Fujifilm X100T Review – Capturing the Photographer’s Imagination

The Fujifilm X100T is the successor to the Fujifilm X100. Even though its predecessor captured the hearts of many shutterbugs despite its own brand of shortcomings, this newer model has ironed out a lot of the issues that were seen in the older unit. It still has that fixed-lens and photographers shoot with an APS-C imaging sensor, but the camera does house some truly modern tech within.

Fujifilm X100T Review - Capturing the Photographer's Imagination

The Fujifilm X100T is a Old-School Looking Camera With Modern Tech

Design-wise, the Fujifilm X100T looks an awful lot like its older brother. It does get mocks and stares for some as it did not attempt to go for an aesthetic progression. However, there are many who feel that it did not need a design innovation in the first place.

Its retro charm is one of the reasons why many people are falling for the X100T right of the bat. While many cameras of today, point-and-shoot, mirrorless, or SLRs, are trying to vie for the more modern-looking approach, Fujifilm makes use of the retro-theme to melt the hearts of photographers everywhere with its nostalgic appeal.

Its frame is made out of magnesium alloy and it offers a suitable level of strength, without having the big weight of a premium-class camera. The front and back has a leather-like texture, and its build quality has definitely been made better than its predecessor. It feels like it can last for years, and even for decades if you’re really that careful.

However, even though it looks compact enough, it still won’t fit inside your jeans pocket. It comes with measurements of 127 x 74 x 57-millimeters and it does have some heft in it. If you want a more compact camera than this one, then perhaps you are better off looking somewhere else.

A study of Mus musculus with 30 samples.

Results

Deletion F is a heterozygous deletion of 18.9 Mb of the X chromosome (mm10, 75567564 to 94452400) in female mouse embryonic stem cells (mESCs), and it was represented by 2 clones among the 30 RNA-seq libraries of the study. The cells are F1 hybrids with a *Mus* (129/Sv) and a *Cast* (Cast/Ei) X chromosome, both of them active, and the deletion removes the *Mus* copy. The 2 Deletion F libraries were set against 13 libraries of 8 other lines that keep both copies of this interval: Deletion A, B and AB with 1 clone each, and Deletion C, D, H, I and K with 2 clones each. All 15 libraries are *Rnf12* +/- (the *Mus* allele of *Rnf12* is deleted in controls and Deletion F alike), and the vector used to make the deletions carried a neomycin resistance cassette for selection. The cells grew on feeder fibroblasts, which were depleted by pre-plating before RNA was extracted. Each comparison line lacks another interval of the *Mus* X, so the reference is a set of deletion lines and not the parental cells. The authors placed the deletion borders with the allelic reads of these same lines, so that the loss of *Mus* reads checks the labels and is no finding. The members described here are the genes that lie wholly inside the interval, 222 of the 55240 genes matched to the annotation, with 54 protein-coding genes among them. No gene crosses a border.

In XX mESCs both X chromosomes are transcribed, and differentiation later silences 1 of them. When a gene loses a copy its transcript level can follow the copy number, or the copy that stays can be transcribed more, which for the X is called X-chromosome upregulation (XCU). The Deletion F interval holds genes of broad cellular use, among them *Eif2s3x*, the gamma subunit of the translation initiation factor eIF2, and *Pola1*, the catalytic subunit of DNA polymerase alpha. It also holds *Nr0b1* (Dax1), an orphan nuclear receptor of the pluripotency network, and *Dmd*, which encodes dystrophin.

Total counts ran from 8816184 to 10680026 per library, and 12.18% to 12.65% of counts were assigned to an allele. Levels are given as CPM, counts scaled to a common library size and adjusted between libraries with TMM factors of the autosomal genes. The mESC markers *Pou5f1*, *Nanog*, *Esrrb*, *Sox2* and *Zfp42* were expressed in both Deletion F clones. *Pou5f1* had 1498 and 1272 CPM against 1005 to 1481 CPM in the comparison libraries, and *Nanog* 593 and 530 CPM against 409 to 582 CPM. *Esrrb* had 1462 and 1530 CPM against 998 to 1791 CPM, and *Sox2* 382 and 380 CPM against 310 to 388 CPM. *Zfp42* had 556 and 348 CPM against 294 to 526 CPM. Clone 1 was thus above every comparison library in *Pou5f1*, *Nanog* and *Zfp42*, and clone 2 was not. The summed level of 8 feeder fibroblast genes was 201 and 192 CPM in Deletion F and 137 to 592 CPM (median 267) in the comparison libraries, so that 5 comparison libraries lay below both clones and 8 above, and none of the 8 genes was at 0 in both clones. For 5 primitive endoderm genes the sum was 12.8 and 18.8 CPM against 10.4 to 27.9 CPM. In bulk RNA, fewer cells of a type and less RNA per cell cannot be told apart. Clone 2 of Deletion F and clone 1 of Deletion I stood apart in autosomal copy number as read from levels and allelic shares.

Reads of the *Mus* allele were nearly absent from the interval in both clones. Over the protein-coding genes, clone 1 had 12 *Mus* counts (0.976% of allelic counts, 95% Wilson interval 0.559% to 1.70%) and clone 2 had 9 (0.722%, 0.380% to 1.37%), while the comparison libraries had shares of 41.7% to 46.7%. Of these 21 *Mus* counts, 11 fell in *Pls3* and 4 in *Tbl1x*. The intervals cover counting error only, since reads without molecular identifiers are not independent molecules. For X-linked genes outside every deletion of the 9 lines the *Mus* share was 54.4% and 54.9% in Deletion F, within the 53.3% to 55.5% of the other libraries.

But when it comes to image quality, it scores additional points in that department. It shoots with a 16.3-megapixel sensor and images come out bright and sharp. Its 35-millimeter f/2 lens assures some power in terms of low-light shooting. However, this camera may be made with still pictures in mind as its video capabilities are still not good enough. This was a problem found in the X100 and the firm may have left the improvements for this feature out for now to help in keeping the price point to a reasonable level.

Overall, the Fujifilm X100T presents great image quality with a decent imaging sensor and lens. It appeals to photographers who are looking for the retro look. It does have limited capabilities in terms of video shooting but those who want decently great still can opt for this unit.